Maplewood’s Immaculate Conception Catholic Church holds its final Mass


There were hugs and teary eyes at Immaculate Conception Catholic Church of Maplewood on Saturday. The parishioners met for their final Mass. The church is one of many closed last year by the Archdiocese of St. Louis in the largest restructuring in its history.

Mass was first celebrated in Maplewood in March 1904, and the convent on the corner of Marshall and Anna was built in 1937 according to the church’s website.

Cliff Hassler, a church pastor in the early 1980s, said after the Mass, “There’s a sadness for losing the church and the community. When I look at these people, quite a few of them I know. And you wonder when am I going to see them again?”

David Barks said he has been in the parish since 1961. “All our kids were baptized here, we were married here, and I went to school here,” he said. “The school closed in ’70 or ’71.”

He looked up at the windows and said that at one time the eight center panes of glass at the bottom all opened. “There used to be a big wheel, if you look there you can see where the shaft was for it, and you just turn the wheel and it opened all those windows.”

Karen Clerc said she was baptized at Immaculate Conception before her parents moved away, but she came back.

“My grandfather owned a grocery store in Maplewood, Silar’s Market, it was at Yale and Bruno, and he built a two-family flat next door, and my father and his brother were raised in the store on the second floor,” Clerc said. When she and her husband, Ken Leclerc, came back from Japan where he was serving in the Air Force, her grandfather sold them the house.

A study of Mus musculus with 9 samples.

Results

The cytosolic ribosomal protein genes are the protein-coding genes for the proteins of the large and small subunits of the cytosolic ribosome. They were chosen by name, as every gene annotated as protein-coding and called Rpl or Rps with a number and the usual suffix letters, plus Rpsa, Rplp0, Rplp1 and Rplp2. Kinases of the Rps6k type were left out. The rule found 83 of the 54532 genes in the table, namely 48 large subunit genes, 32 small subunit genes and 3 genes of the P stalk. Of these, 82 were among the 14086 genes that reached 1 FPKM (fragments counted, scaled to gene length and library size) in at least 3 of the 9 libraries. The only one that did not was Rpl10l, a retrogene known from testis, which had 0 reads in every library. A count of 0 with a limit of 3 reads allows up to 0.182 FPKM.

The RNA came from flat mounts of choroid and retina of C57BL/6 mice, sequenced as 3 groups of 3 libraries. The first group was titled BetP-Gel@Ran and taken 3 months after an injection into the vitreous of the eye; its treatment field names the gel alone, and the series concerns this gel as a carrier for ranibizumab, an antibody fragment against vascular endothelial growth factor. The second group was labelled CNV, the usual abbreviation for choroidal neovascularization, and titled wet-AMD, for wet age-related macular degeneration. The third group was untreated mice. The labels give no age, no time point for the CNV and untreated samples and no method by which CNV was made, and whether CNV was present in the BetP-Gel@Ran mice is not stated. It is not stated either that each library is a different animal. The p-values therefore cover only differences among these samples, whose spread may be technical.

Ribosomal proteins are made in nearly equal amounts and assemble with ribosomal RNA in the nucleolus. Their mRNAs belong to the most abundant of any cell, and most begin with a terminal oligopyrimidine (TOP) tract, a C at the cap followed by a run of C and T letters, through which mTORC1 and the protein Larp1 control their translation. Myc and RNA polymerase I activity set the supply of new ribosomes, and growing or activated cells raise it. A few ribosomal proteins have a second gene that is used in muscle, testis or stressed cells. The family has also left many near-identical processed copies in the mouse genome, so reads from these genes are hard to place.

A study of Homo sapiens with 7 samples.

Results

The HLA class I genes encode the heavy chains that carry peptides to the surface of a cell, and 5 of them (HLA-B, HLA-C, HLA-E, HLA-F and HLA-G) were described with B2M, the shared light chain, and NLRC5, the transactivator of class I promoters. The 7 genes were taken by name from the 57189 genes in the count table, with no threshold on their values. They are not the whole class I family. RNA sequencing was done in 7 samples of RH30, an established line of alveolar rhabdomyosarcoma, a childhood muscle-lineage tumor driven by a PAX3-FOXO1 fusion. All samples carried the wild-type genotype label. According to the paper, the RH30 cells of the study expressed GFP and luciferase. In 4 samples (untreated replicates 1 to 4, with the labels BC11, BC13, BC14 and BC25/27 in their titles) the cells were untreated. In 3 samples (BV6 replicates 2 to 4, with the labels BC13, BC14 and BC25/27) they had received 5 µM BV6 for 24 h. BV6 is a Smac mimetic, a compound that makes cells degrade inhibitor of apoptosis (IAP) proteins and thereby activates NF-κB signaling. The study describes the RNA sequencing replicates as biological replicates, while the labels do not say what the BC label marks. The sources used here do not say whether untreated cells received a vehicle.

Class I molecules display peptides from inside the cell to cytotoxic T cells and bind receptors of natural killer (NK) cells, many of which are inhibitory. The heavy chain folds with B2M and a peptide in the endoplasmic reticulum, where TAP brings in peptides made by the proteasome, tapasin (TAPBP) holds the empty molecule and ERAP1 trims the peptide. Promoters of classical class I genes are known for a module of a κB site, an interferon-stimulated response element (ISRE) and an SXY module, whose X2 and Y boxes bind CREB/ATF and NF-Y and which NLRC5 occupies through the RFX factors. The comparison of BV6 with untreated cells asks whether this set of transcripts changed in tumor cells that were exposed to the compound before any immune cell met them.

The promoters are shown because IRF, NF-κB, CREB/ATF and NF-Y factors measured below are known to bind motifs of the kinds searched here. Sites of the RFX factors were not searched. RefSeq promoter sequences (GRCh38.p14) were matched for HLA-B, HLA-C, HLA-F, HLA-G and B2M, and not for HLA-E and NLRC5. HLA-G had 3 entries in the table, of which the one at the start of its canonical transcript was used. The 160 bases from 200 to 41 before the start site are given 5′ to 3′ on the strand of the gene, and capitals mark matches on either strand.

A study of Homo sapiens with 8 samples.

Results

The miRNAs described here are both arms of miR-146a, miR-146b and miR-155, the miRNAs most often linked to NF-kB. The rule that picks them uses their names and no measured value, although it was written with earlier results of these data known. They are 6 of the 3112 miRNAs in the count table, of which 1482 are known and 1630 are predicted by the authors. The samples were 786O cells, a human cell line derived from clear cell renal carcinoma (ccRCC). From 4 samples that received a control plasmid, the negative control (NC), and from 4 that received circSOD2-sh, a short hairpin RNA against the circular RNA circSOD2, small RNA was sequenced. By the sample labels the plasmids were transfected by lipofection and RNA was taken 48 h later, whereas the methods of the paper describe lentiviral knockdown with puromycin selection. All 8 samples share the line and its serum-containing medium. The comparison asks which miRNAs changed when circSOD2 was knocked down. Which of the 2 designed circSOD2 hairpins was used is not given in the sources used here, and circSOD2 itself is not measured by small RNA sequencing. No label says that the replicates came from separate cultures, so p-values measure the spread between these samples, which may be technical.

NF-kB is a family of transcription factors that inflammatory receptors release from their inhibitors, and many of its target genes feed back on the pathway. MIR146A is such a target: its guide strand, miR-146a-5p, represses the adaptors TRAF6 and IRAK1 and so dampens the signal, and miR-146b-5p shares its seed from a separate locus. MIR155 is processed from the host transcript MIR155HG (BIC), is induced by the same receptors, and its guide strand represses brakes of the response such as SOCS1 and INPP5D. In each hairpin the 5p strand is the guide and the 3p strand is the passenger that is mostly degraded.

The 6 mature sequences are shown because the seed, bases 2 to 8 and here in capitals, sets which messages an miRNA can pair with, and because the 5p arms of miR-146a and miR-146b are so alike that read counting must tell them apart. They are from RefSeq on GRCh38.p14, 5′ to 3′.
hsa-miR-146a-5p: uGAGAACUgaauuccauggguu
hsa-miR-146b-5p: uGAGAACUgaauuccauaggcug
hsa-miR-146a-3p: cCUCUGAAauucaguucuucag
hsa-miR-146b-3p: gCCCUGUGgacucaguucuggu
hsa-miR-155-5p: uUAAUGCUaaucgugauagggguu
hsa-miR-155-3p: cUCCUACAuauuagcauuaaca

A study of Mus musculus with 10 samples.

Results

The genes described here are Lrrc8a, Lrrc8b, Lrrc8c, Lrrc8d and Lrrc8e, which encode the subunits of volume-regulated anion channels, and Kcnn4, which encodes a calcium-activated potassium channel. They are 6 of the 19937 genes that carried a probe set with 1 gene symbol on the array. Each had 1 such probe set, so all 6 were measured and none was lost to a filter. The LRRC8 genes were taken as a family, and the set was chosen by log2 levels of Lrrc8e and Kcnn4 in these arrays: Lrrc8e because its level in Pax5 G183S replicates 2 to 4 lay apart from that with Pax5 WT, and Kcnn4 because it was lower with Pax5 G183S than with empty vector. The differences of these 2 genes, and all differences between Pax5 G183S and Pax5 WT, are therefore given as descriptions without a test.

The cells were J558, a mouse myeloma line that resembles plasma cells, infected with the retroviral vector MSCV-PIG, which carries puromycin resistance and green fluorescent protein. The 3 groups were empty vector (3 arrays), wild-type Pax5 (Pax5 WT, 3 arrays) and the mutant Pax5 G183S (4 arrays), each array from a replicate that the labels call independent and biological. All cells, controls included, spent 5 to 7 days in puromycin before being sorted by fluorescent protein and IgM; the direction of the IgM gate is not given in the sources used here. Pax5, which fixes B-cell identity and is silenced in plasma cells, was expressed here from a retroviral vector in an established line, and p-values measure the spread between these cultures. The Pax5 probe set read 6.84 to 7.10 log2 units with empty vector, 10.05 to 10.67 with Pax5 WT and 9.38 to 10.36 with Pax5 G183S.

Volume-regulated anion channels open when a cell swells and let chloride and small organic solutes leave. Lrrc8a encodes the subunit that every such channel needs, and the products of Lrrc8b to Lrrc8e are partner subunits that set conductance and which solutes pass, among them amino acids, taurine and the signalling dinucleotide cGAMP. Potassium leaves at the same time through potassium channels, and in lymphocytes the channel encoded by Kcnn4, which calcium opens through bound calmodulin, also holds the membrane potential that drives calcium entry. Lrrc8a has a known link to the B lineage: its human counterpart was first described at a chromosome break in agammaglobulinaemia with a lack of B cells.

Ken Leclerc passed away last year. “My husband passed away in December, and I feel like this is another death in the family, and I’m just really sad. It’s so hard,” she said.

“I joined St. Mary Magdalen because I went to school there for a year and a half, and I thought I’d try it out again,” Clerc said.


    • if she really cared about the financially struggling in this area, she would stop spending so many of our tax dollars paying off former employees who she couldn’t work with AND wasting city resources on nonsense like this Prop J debacle. This is all about her ego. Period.

  1. This was a post on the Church’s Facebook page.
    Barry Greenberg
    On an administrative note, the church cannot be demolished without the approval of the Maplewood Historic Preservation Commission. It was created during my seven year tenure on Design and Review Board and was comprised of the same members. From an architectural standpoint, the church has too much history and architectural significance to be considered for demolition. This points out the significance of having the right people on boards and commissions. From a personal point of view, I am looking out my window across the street as I write this and see the bell tower. I cannot imagine the view from my house and yard without it including the rose window and the exquisite blending of Italianate and Romanesque styles that is Immaculate Conception Church.

    • Let’s hope Knapper doesn’t attempt another one of her power plays to get more sycophants on that board to do her bidding and tear it down just for spite.

    • Ed, according to the mayor at the next council meeting a real estate developer will give a presentation on a plan. Mayor Knapper would like to see senior housing there she’s said. I’m sure everyone wants to save the building! And thanks.